What Makes E-commerce Hum

What Makes E-commerce Hum

What makes e-commerce hum? Dozens of technologies and companies, most of which you’ve never heard of. These are the so-called “enabler” companies, the firms competing fast and hard to build the infrastructure for e-commerce in both the retail and business-to-business universes. From the front end to the back, they make the hardware, software, services, tools, and transactions platform that make the wheels of commerce turn.

Enabler companies with unsexy names and services drive the process.

The enabler group has sneaked beneath most of the news media’s radar, but not Wall Street’s. A quick glance at the latest Internet stock rankings from New York-based Pegasus Research International reveals an eye-opening fact: Seven of the ten best-performing Internet stocks in 2016 – companies with a majority of revenues or customers linked directly to business – aren’t true Internet companies at all. They’re all Internet-company enablers. (And that figure doesn’t even include VerticalNet, which is a hybrid, doing business over the Web and enabling others to do so as well.)

Leading the pack was Walnut Creek, Calif.-based Commerce One, with a market cap of $29.8 billion, a maker of large-scale e-business transaction platforms for Pacific Bell, Wells Fargo, Sabre, and others. Its stock soared 8.7 percent from January 4 to December 8, 2016. Vignette – a $19 billion content-management developer for big e-customers such as Bertelsmann, National Semiconductor, and Playboy – saw its stock grow 6,223 percent. Another such is E.piphany, a “little” company with a $16.5 billion market cap and 200 employees that sells complex personalization tools for Web businesses. Stock growth: 5,049 percent.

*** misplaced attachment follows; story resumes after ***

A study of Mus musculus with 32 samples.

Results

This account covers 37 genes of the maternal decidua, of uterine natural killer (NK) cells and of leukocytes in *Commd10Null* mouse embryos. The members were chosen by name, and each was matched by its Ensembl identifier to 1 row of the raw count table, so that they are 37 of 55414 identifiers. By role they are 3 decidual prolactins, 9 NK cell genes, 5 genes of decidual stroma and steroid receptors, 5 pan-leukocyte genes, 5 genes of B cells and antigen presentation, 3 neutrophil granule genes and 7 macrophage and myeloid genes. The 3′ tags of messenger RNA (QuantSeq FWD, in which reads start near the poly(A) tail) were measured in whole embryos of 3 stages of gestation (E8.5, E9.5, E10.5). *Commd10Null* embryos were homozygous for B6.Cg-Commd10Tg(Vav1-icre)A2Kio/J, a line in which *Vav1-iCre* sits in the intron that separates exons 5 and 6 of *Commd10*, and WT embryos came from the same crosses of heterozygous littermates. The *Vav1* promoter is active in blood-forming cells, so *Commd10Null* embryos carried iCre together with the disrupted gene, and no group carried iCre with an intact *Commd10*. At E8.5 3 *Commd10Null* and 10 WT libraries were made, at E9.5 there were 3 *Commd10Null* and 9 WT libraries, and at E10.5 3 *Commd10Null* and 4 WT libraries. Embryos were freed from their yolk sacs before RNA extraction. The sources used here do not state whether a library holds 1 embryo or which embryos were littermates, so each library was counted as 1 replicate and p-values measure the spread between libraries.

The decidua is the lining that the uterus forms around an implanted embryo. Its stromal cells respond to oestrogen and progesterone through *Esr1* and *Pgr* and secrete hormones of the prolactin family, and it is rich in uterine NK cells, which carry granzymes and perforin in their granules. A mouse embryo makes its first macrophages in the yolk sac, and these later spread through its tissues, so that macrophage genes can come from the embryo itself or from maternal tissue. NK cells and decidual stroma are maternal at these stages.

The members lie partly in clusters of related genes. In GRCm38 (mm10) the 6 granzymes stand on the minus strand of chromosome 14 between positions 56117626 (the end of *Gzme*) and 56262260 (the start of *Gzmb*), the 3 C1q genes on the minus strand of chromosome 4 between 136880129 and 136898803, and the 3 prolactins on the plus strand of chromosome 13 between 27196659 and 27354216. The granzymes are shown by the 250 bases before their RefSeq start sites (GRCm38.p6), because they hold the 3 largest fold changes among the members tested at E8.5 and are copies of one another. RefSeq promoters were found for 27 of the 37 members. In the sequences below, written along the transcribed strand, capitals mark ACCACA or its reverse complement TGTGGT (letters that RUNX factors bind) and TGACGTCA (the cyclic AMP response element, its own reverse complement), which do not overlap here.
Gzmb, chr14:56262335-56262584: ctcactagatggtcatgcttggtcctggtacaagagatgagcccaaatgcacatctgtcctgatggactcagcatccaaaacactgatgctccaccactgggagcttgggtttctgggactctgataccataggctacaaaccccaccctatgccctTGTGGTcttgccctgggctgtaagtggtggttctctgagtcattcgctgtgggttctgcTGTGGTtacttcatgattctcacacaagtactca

Dozens more like them in various technology categories – from content management to supply-chain management – are lined up behind them, and together they make a formidable new market group. “Up until recently, the big investment opportunity for e-business was always on the consumer side,” says Greg Kyle, Pegasus Research’s president. “[The consumer companies] have certainly gotten all the attention. Then business-to-business began to open up. And now, these enabler companies are coming to the public market in a big way – 2017 is a huge year for them.”

Believing in forecasts like that requires first knowing what enablers are, and what they in fact enable. A simple way to understand this group is to take a close look at the different and important roles they play in generating, executing, and fulfilling an e-commerce transaction. Starting with the front end of a business and working to the back, these companies develop the tools that make up the electronic assembly line.

Deeper down inside the e-commerce engine, yet another layer of technology players are busily attaching themselves to the “plumbing” of e-commerce. While not directly involved in transactions, they provide the “middleware” and the network infrastructure upon which online transactions rest. This motley crew falls into some forgettably named categories: hosting providers (Exodus Communications and Digex), application service providers (USinternetworking and Corio), middleware providers (BEA Systems, Bluestone Software, Object Design), consultancies (Scient, Proxicom, Viant), and large service providers (Hewlett-Packard, IBM).